You’re standing in a field in Tanzania with your eyes glued on a spot about 40 feet in front of you.

You dare not turn your gaze or move a muscle because the guide standing to your left has just pointed out a lioness and her cubs, out of sight behind a bush you have now centered your focus on. You are about to witness this family plodding the ground together in what is arguably one of the most sensational experiences of the Serengeti. Just as you hear a deep throaty groan, the lioness comes out from behind the bush, with cubs in tow. Then a phone rings from somewhere in the sky, loud and clear. You stand up, put your bare feet on the soft carpet, and run to pick it up. Nope, this is not a dream. With virtual tourism, your imagination has come to life.

How is this done?

Virtual reality technology today is much more than just a tool for the ultimate gaming experience. Thanks to new developments, top-notch video software and superb filming equipment, virtual reality has set its perfectly manicured paws into the realm of tourism.

Meet Oculus Rift, affectionately nicknamed “The Rift.” It’s not a game console, but a glittery new virtual reality headset, and the first product launched by California-based Oculus VR. Headquartered in an edgy, modern glass building in Menlo Park and founded by a self-described hardware geek, Oculus says their goal with the Rift product is to revolutionize the way people experience interactive content. And from what it looks like so far, they will.

The Rift headset, currently available on the Oculus site for developers only (and purported to be in the $1,500 range when made available to consumers sometime in early 2016), looks like a futuristic merging of ski goggles and a TomTom navigation device. Looks aside, it has the ability to produce a 3D user experience by uniting specialized mapping software, a massive field of view and low-latency head tracking (the last of which means there’s no lag between when you turn your head left and when the image pans left).

Originally created with gaming in mind, the Rift has another super function: When paired with destination-related video content, it transports the user to a virtually-created but reality-based environment. Where users could previously only watch a video about Tanzania on a screen, now they can step into a virtual experience. Use of the Rift will tap into two of the strongest senses we have as humans – sight and sound – to create a perfect sensation of being (in a room, at the beach, on a mountain, or in the middle of the Serengeti.)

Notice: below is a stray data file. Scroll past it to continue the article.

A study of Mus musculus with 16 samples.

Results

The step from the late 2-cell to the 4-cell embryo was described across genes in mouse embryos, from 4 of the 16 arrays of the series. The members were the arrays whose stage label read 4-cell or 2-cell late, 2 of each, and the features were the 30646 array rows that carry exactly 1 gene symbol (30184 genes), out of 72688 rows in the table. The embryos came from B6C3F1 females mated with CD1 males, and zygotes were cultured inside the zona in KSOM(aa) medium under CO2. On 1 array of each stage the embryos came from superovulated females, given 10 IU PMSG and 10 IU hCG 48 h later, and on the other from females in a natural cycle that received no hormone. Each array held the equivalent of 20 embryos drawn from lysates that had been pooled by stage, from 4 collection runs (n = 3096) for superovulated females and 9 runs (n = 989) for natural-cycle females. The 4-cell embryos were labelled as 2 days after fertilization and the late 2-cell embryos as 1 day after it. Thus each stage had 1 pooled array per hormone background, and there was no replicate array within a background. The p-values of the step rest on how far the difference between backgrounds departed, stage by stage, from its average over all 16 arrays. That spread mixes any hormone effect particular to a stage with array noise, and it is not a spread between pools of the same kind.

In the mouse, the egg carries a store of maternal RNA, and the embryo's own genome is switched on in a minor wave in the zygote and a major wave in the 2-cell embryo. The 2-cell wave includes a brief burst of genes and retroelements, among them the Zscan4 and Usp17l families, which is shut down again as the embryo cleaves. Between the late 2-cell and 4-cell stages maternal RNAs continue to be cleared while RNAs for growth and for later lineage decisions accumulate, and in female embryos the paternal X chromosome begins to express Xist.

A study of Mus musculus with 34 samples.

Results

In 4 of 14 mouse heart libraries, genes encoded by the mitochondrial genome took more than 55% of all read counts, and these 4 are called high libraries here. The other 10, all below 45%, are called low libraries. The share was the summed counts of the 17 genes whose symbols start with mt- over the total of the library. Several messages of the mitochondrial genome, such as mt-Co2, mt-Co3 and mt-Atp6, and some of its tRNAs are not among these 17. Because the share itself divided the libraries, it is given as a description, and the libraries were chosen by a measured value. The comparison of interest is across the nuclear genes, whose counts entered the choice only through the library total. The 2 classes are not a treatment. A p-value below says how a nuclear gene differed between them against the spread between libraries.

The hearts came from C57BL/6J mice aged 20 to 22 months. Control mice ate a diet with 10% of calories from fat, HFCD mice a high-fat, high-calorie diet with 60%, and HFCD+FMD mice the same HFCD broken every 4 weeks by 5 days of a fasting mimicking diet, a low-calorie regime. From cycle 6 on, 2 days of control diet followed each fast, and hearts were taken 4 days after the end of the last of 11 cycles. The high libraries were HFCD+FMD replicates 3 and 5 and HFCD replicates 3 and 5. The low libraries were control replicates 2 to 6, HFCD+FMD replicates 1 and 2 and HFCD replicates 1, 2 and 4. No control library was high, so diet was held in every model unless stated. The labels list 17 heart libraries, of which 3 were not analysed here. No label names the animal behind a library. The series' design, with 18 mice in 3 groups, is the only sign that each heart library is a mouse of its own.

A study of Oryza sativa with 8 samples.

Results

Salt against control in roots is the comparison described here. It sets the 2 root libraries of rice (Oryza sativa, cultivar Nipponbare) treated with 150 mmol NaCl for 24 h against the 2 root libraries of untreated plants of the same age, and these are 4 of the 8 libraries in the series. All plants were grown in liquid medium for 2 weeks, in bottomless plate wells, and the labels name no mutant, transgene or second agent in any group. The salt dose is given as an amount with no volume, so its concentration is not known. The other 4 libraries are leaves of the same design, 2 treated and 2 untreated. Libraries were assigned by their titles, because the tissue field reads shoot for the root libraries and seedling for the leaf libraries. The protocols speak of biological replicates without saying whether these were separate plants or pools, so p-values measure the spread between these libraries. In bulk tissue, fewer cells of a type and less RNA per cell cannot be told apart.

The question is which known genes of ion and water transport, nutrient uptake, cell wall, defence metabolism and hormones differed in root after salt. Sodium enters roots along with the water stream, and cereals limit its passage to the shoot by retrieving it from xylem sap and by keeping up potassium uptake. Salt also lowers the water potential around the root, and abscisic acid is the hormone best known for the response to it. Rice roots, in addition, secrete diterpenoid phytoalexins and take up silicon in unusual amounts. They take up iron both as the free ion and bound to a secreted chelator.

The most obvious question about Oculus Rift in the context of tourism is whether it will boost the tourism market or result in a decrease in national and global travel. Sure, the virtual experience might cost less than the average plane ticket, but are you really going anywhere? Will you feel the grass beneath your feet, and taste the distinct flavors that make a destination special?

One company that sees the potential for virtual tourism as a means of creating travel inspiration is Vancouver-based Destination British Columbia. Destination BC has partnered with Oculus VR to create one of the first tourism-related 3D experiences, using Rift gear and a custom-built spherical rig fitted with seven GoPro cameras. You can get an idea of what it looks like by watching the “making of” video of their The Wild Within campaign, with snippets from the virtual experience and interviews with the BC team. The full virtual experience (which requires the Rift headset) is available on the Oculus website. Based on the comments alone, the video promo has already boosted travel enthusiasm for British Columbia.

Virtual tourism is still a relatively young concept, but its future seems promising. Will destinations use this technology to draw larger crowds? Will people stop jet setting and start “headsetting?” If air travel prices continue to rise, will the purchase of Rift headsets for “travel” outweigh the desire to take a real vacation? Might the term “vacation” itself be redefined? It seems there will undoubtedly be some effect on the tourism market. With the ability to go anywhere simply by putting on a headset, the possibilities are now virtually endless. (Pun intended.)